Antonio Tabucchi's novel of a quiet Lisbon man's political awakening amid the rise of fascism in Europe was first published in Italy in 1994 and became a bestseller, perhaps because of the humility of its protagonist. Patrick Creagh translated it into English under the title Pereira Declares, and it has now been published in the UK for the first time under its current title.
The power of this slim book is inversely proportional to its size and modest, unassuming tone. The setting is 1938 Lisbon. Portugal is ruled by the dictator Salazar, who sides with the fascism of Franco in Spain. The Portuguese government is clamping down on left-wing dissenters. The novel's unlikely hero is Dr Pereira, elderly cultural editor of a minor Lisbon paper. Initially indifferent to these political fissures, he wishes to lead a quiet life, his wistful existence in large part due to continued mourning for his late wife.
Pereira, a Catholic like most in his country, is grappling with his religion's concept of the resurrection of the body; his own body disgusts him, not only corporeal but corpulent. One day he reads musings on death by a young graduate and on impulse contacts the author, Rossi, and invites him to write obituaries on authors. The two meet and Pereira finds himself acceding to Rossi's requests for money, despite declaring his radical articles unpublishable.
Rossi and his girlfriend's anger with the fascist regime in Portugal and neighbouring Spain permeates Pereira's consciousness. He now finds the laisser-faire compliance of an acquaintance intolerable, and his growing political conscience is catalysed by encounters with a sympathetic doctor, a stranger and the local priest. The novel builds in suspense and culminates in an act, the repercussions of which are never divulged.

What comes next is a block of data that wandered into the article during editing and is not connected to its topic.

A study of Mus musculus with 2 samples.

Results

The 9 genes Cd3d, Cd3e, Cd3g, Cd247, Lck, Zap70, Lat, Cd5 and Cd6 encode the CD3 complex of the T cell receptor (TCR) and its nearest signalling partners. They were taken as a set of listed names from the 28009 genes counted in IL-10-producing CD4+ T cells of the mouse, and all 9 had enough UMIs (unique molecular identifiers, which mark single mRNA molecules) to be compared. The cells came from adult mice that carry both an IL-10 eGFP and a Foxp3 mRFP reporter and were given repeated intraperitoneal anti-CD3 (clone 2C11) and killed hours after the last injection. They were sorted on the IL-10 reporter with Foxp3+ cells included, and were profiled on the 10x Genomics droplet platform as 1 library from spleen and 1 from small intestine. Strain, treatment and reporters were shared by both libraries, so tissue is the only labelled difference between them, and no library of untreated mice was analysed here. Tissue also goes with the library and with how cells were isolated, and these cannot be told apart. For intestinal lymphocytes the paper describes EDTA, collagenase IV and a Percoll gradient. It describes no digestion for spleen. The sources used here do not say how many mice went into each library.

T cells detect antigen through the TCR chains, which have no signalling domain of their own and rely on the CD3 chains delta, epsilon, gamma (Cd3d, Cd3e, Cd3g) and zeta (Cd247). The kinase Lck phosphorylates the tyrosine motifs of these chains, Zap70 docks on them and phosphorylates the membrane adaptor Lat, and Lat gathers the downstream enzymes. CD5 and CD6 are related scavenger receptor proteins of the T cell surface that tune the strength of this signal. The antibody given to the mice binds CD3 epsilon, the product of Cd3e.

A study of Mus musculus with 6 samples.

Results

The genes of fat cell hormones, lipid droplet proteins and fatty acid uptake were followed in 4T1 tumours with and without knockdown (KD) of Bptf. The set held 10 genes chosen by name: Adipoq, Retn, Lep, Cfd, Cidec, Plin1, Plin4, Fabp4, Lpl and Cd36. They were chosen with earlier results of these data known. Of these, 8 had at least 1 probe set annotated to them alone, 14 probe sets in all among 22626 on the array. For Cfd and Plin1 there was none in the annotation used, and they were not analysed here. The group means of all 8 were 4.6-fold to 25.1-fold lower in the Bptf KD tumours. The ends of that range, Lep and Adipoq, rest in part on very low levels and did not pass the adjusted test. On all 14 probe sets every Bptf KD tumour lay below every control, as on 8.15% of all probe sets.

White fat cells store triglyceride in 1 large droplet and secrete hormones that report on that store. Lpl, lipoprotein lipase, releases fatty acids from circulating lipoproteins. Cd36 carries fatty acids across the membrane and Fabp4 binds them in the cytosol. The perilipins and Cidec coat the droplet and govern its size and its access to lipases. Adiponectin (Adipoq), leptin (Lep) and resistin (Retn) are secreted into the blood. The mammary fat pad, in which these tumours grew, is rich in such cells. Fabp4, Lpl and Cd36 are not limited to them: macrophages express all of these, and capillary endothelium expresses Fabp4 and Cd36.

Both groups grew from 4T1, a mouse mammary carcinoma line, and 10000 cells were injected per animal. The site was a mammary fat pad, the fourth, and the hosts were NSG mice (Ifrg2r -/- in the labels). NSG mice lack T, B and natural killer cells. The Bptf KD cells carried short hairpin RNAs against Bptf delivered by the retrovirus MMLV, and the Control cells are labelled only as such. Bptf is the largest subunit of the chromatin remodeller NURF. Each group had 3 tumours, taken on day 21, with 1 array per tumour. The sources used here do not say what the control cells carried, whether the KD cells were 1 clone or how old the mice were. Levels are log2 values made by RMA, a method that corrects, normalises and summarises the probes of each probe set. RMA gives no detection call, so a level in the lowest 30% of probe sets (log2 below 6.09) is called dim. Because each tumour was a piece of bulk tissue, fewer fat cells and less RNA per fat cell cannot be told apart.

Tabucchi's spare prose is elegant. Its economy, and the growing sense of foreboding, seize the reader's attention and leave palpable threats hanging. The weather is an allegory for state oppression: hot, airless and suffocating, as in Dostoyevsky's Crime and Punishment. The title phrase, "Pereira maintains" or a cropped "he maintains", are echoed refrains throughout the book. While initially this seems a wearing contrivance, as the sense of danger heightens they add a malevolent edge by making the story read like a prosecution counsel's opening statement. The inclusion of minutiae of which Pereira was unaware, such as inadvertently forgetting to pay a bill, intensify this feeling: goose pimples rise as we realise the protagonist may unwittingly have been watched.
Creagh's translation is, for the most part, fluid and unobtrusive though there are rare clumsy touches. Pereira's lonely existence, unattractive physique and lack of self-esteem inspire empathy: he is an ordinary man who makes a difference. There are moving slivers of information which add to his elegiac air: "Pereira thought about the child they hadn't had. He had longed for one but he couldn't ask so much of that pale, suffering woman". This a small book about an act of largesse. The beauty of its pared-down prose and accomplished development of the pervading sense of threat render it a little treasure.